Wednesday, August 01, 2007

Work stress, anxiety and depression

A long term study of 972 people in Dunedin, New Zealand has shed further light on the links between workplace stress and depression and anxiety. Those people who had high psychological job demands (an excessive workload and/or extreme time pressures) had double the risk of major depression or anxiety of other people, regardless of their socio-economic status, personality of mental-health history prior to being exposed to workplace stress. Analysis of the results showed that high demand jobs were associated with the onset of new depression and anxiety even in people without any history of mental-health problems.

Melchior, Maria ... [et al] - Work stress precipitates depression and anxiety in young, working women and men Psychological Medicine August 2007, 37 (8), 1119-1129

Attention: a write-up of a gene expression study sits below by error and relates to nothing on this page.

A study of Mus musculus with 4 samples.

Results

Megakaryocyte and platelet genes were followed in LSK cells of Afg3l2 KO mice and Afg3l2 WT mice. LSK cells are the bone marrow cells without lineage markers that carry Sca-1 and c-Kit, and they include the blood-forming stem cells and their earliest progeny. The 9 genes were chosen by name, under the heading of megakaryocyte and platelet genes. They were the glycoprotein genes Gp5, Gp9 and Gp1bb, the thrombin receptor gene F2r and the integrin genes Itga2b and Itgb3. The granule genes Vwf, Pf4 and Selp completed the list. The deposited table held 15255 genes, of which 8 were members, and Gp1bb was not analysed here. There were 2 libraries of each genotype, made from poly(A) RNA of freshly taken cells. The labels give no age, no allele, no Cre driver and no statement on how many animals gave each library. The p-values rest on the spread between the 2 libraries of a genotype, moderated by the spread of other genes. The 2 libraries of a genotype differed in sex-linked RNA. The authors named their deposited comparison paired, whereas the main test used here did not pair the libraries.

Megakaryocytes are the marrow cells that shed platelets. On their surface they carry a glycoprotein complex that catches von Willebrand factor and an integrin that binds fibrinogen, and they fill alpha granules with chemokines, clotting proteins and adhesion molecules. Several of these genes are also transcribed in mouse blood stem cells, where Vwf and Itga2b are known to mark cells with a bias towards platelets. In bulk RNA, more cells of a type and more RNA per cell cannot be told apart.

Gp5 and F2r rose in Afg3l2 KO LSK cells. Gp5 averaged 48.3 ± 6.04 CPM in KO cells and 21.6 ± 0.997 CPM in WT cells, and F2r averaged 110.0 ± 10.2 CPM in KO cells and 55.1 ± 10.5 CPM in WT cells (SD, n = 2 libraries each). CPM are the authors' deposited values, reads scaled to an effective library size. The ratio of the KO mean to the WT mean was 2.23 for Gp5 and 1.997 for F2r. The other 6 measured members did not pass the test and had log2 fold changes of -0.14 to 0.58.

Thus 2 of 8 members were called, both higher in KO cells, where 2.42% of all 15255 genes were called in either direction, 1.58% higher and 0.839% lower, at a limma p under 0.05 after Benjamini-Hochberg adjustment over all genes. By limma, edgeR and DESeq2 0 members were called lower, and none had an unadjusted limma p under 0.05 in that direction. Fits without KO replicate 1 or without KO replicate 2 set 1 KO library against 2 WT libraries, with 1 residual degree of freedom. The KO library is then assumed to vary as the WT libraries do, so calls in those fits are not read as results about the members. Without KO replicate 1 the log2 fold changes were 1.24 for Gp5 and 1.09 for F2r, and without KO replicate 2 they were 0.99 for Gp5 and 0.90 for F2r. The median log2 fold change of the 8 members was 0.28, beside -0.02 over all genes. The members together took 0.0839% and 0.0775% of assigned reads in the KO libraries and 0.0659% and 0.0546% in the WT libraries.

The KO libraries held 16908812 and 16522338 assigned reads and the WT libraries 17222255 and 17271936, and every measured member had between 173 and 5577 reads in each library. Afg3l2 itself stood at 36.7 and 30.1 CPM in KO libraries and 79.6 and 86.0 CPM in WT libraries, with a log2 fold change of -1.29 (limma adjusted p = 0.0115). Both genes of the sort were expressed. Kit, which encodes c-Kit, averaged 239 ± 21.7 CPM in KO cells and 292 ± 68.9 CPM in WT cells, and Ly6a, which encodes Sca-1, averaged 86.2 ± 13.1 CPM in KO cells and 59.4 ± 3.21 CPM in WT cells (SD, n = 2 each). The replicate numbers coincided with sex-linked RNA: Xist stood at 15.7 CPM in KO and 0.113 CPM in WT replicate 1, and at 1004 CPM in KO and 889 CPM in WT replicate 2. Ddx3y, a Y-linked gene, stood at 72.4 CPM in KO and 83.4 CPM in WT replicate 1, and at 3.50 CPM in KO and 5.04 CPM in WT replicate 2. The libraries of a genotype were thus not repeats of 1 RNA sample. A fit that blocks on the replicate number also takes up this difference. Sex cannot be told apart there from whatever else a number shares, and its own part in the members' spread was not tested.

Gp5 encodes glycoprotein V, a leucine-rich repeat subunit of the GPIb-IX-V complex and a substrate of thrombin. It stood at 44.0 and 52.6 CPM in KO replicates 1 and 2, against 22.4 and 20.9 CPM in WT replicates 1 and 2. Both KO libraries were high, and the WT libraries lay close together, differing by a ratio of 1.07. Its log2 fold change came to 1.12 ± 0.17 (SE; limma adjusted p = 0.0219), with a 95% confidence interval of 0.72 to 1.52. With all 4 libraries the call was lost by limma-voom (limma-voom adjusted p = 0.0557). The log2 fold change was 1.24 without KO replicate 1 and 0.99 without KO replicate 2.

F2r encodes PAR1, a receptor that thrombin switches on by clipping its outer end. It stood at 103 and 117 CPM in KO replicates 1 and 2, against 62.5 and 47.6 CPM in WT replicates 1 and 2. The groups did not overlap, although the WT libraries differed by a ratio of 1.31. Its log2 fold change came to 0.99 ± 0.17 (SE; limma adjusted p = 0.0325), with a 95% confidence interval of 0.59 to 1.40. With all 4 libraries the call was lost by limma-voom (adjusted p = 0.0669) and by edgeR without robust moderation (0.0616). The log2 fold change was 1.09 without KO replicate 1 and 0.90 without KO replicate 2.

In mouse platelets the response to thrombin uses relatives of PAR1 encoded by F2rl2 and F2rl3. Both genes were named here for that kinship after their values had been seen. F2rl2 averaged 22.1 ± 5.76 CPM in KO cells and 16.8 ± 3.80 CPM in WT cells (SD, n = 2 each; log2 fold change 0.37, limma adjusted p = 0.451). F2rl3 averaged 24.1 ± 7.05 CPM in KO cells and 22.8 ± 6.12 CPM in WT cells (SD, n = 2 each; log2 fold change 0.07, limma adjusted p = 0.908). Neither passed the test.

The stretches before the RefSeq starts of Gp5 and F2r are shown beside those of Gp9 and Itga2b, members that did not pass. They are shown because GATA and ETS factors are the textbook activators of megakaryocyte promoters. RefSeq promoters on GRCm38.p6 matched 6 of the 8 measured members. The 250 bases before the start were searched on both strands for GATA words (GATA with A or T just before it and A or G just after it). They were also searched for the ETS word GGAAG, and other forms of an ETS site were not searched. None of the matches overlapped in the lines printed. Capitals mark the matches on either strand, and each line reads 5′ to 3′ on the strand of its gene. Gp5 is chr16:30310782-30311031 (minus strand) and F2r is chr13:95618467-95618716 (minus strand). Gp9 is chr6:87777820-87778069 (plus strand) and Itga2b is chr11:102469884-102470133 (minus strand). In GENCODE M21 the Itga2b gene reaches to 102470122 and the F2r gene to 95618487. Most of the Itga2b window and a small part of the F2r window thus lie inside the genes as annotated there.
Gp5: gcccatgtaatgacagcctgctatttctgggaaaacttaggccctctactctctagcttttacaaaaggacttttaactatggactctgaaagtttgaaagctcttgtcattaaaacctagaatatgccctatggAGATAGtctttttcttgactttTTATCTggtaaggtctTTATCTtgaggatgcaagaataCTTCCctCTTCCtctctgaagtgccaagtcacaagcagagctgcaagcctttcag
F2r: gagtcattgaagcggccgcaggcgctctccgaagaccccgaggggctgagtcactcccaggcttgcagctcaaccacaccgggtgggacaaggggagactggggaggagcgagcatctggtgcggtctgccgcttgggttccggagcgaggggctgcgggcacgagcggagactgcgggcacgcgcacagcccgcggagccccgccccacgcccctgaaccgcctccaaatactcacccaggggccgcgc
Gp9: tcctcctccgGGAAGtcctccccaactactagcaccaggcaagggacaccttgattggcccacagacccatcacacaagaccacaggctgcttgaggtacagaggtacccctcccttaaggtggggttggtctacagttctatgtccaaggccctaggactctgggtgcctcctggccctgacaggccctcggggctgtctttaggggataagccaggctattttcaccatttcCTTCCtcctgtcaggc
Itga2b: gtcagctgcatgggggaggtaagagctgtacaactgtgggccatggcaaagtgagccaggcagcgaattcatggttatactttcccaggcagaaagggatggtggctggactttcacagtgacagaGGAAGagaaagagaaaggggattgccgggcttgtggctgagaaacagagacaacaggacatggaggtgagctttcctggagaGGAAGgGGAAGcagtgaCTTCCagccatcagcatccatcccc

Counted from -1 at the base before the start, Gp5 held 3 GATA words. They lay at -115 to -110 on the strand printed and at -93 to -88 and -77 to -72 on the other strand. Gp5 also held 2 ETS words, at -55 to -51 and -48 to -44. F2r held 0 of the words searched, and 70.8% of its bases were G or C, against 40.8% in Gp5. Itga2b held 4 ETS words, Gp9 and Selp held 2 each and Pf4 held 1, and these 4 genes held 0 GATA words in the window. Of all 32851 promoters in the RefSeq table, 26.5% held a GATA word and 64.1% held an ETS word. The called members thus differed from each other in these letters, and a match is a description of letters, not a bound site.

2 comments:

Philomena said...

Dysthymic Disorder is characterized by chronic depression, but with less severity than a major depression. The essential symptom for dysthymic disorder is an almost daily depressed mood for at least two years, but without the necessary criteria for a major depression. Low energy, sleep or appetite disturbances and low self-esteem are usually part of the clinical picture as well. http://www.besthealthmed.com/depression.html

Lucy said...

It is not a secret that stress in the work places leads to depression, stress, and anxiety. However, the multinational companies have given rise to certain concepts like overtime (definitely on money), that have catapulted the cases of work related stress all the more. This is one reason that has actually led the companies to start up depression counseling for treating depression.